The Illinois Supreme Court unanimously ruled Nov. 29 that the state constitution’s pension clause protects a perk granting inflated post-retirement pay – one that only benefits government employees who work for their unions.
The decision declares untouchable a pension-spiking provision available only to a select few workers, and underscores the need for a constitutional amendment and comprehensive pension reform in Illinois. According to one estimate, those inflated pensions will cost taxpayers more than $50 million.
In the decision – Carmichael v. Laborers’ & Retirement Board Employees’ Annuity & Benefit Fund of Chicago – the court held the Illinois General Assembly could not rescind a pension- spiking perk for employees of the city of Chicago and Chicago Board of Education who take time away from their government jobs to work for their unions.
Pension benefits are typically calculated as a percentage of a retiree’s government salary near the end of employment, with a higher percentage of salary granted based on years of service. But for certain retired Chicago union leaders, their pensions will instead be based on their union salaries, which were higher than what they earned in their positions with their government employers. As a result, their pensions will be nearly three times higher than the typical retired city worker, according to a 2011 report from the Chicago Tribune.
The Tribune estimated the cost of 23 such pensions at $56 million.
Since the city of Chicago and the Chicago Board of Education are not responsible for setting union salaries, the resulting higher pension costs were ultimately unpredictable for public officials and taxpayers alike. The General Assembly effectively outsourced responsibility for setting public pension benefits to a nongovernmental third party: unions.
The union pension-spiking perk was originally granted by the General Assembly in 1991, with no public debate and no cost estimates available, according to the Tribune. The court notes in the opinion that the General Assembly attempted to walk back this perk with Public Act 97-651 after receiving negative press coverage.
In other words, the General Assembly was caught red-handed doling out unaffordable benefits to select special interests. Yet when lawmakers tried to correct the mistake, the Illinois Supreme Court said no.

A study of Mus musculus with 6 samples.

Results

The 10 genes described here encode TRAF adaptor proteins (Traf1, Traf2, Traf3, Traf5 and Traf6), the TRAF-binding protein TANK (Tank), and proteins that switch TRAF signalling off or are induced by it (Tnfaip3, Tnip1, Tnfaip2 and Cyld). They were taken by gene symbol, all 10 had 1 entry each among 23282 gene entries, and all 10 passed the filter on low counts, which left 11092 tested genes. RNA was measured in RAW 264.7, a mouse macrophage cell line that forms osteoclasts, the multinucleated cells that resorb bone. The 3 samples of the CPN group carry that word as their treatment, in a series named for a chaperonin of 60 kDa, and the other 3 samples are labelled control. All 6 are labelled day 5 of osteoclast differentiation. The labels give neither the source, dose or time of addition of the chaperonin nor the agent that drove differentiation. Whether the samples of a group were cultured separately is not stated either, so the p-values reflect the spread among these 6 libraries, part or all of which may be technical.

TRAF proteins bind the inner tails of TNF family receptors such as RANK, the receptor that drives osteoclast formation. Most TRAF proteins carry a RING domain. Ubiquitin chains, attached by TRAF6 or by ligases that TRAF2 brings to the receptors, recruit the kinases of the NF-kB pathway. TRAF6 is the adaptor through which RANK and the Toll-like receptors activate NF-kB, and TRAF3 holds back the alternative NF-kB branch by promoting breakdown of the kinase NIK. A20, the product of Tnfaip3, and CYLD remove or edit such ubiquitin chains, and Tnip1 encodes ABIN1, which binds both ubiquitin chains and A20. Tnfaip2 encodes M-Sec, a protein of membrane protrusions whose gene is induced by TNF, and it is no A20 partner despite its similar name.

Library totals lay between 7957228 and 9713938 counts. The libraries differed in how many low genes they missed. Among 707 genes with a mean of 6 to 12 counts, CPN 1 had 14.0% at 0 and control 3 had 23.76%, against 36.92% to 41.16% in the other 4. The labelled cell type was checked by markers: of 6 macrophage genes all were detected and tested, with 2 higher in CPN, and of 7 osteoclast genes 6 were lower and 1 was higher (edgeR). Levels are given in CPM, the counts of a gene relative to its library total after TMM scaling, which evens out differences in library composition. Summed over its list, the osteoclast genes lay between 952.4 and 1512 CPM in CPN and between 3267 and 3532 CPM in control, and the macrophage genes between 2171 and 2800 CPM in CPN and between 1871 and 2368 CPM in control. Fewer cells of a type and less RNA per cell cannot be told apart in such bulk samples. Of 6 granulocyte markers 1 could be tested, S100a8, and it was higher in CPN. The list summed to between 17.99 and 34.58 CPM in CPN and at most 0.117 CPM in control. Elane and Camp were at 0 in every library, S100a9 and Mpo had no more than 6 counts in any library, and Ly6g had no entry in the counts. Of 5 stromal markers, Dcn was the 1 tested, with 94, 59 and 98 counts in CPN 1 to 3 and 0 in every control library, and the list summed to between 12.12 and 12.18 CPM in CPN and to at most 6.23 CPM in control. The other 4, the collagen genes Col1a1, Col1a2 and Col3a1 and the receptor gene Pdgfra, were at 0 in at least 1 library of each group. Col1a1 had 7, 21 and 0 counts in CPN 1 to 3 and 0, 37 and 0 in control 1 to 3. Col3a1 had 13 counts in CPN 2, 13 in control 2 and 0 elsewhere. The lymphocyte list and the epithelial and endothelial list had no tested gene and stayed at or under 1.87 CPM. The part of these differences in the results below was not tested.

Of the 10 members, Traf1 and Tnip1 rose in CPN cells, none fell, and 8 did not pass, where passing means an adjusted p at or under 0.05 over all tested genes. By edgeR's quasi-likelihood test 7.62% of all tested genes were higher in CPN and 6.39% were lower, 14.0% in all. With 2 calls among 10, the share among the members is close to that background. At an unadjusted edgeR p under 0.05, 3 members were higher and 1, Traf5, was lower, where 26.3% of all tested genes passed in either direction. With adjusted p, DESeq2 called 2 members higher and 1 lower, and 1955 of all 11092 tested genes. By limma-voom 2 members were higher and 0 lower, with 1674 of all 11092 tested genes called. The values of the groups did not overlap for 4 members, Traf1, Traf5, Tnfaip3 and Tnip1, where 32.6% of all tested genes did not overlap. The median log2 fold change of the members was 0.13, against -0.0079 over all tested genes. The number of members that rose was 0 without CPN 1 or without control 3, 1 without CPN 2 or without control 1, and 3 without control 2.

Although this type of abuse is not the sole cause of the Chicago pension systems’ poor financial condition, it is a perfect example of politicians doling out special favors and sticking taxpayers with the bill.
In total, the Chicago-related pension funds have more than $41 billion in pension debt.
Moody’s Investors Service currently gives the city a junk credit rating, largely due to unfunded pension liabilities.
Chicago has struggled to make pension contributions since the last national recession, despite massive tax hikes including a property tax increase of $543 million over four years, new taxes on ridesharing and e-cigarettes, tax increases on water and sewer services and 911 calls, and hikes in fees ranging from garbage collection to building permits.
In addition to these fee and tax hikes, outgoing Chicago Mayor Rahm Emanuel lobbied in the past for legislation – Public Acts 99-506 and 100-23 – allowing him to make reduced pension contributions from 2015 to 2021 to ease pressure on the city budget in the short term.
Partly as a result of those artificially low contributions, the next mayor of Chicago will inherit a pension mess with contributions set to spike sharply in the next few years.
Illinois’ and Chicago’s only responsible long-term option for getting out of the mess is meaningful pension reform that starts with a constitutional amendment to allow changes to unearned, future benefits. Changes should include raising retirement ages for younger workers, capping maximum pensionable salary, and doing away with guaranteed permanent benefit increases in favor of a true cost of living adjustment pegged to inflation.
In the short term, the least state lawmakers can do is not hand out any more special perks to well-connected special interests. The courts won’t let them take it back and taxpayers can’t afford it.